Let’s “join hands” to Address Human Trafficking in Uganda: Bishops’ Conference Chairman

Credit: UEC

The dynamics around the “heinous crime” of human trafficking in Uganda cannot be addressed by a single entity, the Chairman of Uganda Episcopal Conference (UEC), Bishop Joseph Antony Zziwa, has said.

In his September 9 keynote address on the occasion of the National Prayer on Human Trafficking at Kololo Independence grounds in Uganda’s Kampala Archdiocese, Bishop Zziwa condemned the practice of human trafficking describing it as an “evil trade”. 

“Given the complexity of this evil trade, no single individual, organization, nor government can overcome the human trafficking that deprives our brothers and sisters their dignity and freedom,” UEC Chairman said in his message that Archbishop John Baptist Odama of Uganda’s Gulu Archdiocese read out. 

The Local Ordinary of Uganda’s Kiyinda–Mityana Diocese underscored the need for synergies in tacking the challenge of human trafficking, saying, “We should, therefore, join hands in the struggle against this evil at all levels of our society; starting from the individual, family, local, national and the international.”

The Ugandan Bishop acknowledged with appreciation the National Prayer initiative as an event that seeks to encourage not only the government but also religious leaders and other groups to unanimously take an action against “the horror of human trafficking”.


“There is no true religious leader who would fail to denounce the horror of human trafficking taking place in our country, affecting our people and undermining their dignity and rights,” Bishop Zziwa said.

The National Prayer event also seeks “to appeal for the conversion of the perpetrators involved in this heinous crime,” the 66-year-old Catholic Bishop said in reference to human trafficking.

Focusing his attention on Uganda, Bishop Zziwa regretted the fact “we have not fared so well against this scourge. Children as young as seven years are exploited in forced labor, mining, begging, herding, and agriculture. Girls and boys are also exploited in prostitution.”

“Young girls and women are targeted for domestic sex trafficking,” the Catholic Bishop who started his Episcopal Ministry in March 2002 as Coadjutor Bishop of Kiyinda–Mityana Diocese said, and added, “Most victims of internal trafficking are Ugandans.”

In Uganda, he continued, “Young boys and girls are the most vulnerable to internal trafficking while young women are more vulnerable to transnational trafficking, usually seeking employment as domestic workers in the Middle East and other countries.”


He said that the cruelty associated with human trafficking is tantamount to the “old form of slavery”, which he termed as “dehumanizing”.

“The victim is manipulated to think that life is better on the other side but once let into the power and control of the trafficker, the victim has no choice, but to surrender to the dictates of the master or mistress,” Bishop Zziwa said in his September 9 message that Archbishop Odama read out.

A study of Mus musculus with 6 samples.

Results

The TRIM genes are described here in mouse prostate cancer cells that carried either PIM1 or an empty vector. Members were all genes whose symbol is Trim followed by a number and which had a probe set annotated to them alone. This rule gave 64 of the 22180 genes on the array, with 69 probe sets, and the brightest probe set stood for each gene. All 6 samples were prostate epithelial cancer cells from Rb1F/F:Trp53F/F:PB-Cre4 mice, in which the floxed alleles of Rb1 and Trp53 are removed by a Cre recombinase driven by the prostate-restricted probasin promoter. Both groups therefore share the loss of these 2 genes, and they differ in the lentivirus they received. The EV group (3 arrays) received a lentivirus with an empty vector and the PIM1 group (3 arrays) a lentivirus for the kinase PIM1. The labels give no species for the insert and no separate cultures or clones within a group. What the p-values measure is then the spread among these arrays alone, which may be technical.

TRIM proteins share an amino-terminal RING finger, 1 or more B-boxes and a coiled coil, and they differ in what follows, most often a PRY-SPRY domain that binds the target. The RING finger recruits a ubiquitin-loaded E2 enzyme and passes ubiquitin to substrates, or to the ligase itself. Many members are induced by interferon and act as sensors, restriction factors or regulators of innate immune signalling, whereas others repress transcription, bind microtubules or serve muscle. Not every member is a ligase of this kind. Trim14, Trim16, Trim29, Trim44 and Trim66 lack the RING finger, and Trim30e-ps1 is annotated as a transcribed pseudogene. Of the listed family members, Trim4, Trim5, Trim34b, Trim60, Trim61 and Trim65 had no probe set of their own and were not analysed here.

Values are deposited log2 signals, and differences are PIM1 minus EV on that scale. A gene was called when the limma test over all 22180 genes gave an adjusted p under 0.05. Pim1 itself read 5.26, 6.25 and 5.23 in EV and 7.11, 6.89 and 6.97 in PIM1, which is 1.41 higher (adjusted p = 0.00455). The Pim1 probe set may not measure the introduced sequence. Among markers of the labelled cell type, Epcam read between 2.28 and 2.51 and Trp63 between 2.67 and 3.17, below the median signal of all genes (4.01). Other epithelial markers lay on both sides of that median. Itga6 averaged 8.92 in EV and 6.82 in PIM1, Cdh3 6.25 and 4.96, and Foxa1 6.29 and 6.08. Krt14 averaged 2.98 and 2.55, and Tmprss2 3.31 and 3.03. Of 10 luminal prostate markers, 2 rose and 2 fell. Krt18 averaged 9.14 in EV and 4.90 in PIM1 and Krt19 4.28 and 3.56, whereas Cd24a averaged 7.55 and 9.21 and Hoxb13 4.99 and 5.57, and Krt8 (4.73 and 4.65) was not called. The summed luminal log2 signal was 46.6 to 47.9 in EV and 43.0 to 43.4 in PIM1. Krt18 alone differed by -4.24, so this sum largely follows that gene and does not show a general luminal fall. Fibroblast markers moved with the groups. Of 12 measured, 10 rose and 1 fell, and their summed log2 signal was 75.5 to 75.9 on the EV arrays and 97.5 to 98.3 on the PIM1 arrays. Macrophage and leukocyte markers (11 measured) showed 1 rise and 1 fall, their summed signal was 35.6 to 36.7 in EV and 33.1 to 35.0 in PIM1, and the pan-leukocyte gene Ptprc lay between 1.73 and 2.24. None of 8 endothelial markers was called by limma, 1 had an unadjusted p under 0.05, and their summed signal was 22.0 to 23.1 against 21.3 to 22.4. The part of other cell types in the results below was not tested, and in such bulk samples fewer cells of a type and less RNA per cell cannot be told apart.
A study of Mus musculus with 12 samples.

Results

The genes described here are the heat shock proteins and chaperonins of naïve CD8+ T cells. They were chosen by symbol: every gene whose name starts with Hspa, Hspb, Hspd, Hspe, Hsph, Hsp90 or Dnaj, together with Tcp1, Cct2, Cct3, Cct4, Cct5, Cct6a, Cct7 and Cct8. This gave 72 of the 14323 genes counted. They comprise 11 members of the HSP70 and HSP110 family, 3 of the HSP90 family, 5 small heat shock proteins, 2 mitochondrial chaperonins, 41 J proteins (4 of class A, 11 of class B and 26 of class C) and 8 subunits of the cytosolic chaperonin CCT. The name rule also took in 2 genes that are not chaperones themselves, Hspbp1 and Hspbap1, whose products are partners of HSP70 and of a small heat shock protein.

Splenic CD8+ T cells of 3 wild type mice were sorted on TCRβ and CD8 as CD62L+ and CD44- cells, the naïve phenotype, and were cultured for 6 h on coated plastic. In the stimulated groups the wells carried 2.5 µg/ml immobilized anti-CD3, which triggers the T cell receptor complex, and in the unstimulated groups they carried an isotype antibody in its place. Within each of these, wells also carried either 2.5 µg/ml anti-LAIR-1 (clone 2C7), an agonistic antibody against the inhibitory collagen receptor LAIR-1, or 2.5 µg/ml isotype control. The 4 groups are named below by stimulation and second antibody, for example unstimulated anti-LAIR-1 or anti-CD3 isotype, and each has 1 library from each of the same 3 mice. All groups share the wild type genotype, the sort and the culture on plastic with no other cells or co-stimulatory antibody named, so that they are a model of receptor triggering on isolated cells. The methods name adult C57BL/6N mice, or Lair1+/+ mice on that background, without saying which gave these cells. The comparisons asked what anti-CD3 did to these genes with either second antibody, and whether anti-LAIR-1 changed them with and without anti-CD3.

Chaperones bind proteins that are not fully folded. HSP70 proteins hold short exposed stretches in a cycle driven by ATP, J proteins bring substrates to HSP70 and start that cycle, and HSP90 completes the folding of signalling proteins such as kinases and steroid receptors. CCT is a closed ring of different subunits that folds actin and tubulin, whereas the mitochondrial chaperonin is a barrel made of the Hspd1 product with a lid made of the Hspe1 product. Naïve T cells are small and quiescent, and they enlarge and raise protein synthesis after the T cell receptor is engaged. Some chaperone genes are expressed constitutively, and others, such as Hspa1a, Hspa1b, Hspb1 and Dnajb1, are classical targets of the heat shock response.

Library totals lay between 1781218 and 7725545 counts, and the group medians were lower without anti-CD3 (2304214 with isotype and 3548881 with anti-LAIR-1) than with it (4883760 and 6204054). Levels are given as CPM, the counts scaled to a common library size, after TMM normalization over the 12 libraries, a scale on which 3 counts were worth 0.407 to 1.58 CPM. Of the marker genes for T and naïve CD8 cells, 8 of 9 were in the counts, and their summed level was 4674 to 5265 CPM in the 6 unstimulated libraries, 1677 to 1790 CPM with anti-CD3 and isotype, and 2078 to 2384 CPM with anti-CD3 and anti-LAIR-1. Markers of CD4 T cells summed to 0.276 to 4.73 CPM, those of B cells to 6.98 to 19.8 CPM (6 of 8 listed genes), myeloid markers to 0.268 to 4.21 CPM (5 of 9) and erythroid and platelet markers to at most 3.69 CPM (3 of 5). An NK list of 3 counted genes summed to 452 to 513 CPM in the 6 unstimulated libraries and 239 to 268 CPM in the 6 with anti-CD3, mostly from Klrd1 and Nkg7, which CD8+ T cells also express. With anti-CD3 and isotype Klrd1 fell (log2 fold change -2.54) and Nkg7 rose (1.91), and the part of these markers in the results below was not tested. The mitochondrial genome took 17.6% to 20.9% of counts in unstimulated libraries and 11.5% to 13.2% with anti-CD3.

He likened human traffickers to the siblings of Joseph in book of Genesis, saying victims of human traffickers are, “in most cases”, known to their victims.

“These victims are our brothers and sisters whom we know and do not know,” the Bishop who has been at the helm of Kiyinda–Mityana Diocese since October 2004 said, and added, “Moreover, in most cases the traffickers are people who are known to the victims: relatives, friends or associates.”


In his September 9 message, Bishop Zziwa identified “the idolatry of wealth and riches” as a factor in human trafficking. He said, “There is no doubt that the idolatry of wealth and riches significantly contribute to this inhuman trade which attracts huge sums of illicit profits.”

He added, “This is further complicated by the rampant unemployment, poverty and our education system which produces job seekers instead of job creators.”

He continued, “Our young ones, who are, in constant search for opportunities to work abroad and in the urban cities sometimes end up satisfying the demand for body organs, demand for cheap labour, and demand for commercial sexual services.”

The Chairman of UEC underlined the need for “all duty bearers” in the East African country to address the underlying causes of human trafficking “to curb the high level of vulnerability among the citizens.”

In his video message that was published on February 8, Pope Francis said that the suffering caused by human trafficking is “an open wound on the body of Christ”.


In the video message, Pope Francis condemned both the human trafficking of laborers and sex trafficking, which he said relegates women and girls to “dispensers of pleasure” and “proposes yet again a model of relationships marked by the power of the male gender over the female.”

Silas Mwale Isenjia is a Kenyan journalist with a great zeal and interest for Catholic Church related communication. He holds a Bachelor’s Degree in Linguistics, Media and Communication from Moi University in Kenya. Silas has vast experience in the Media production industry. He currently works as a Journalist for ACI Africa.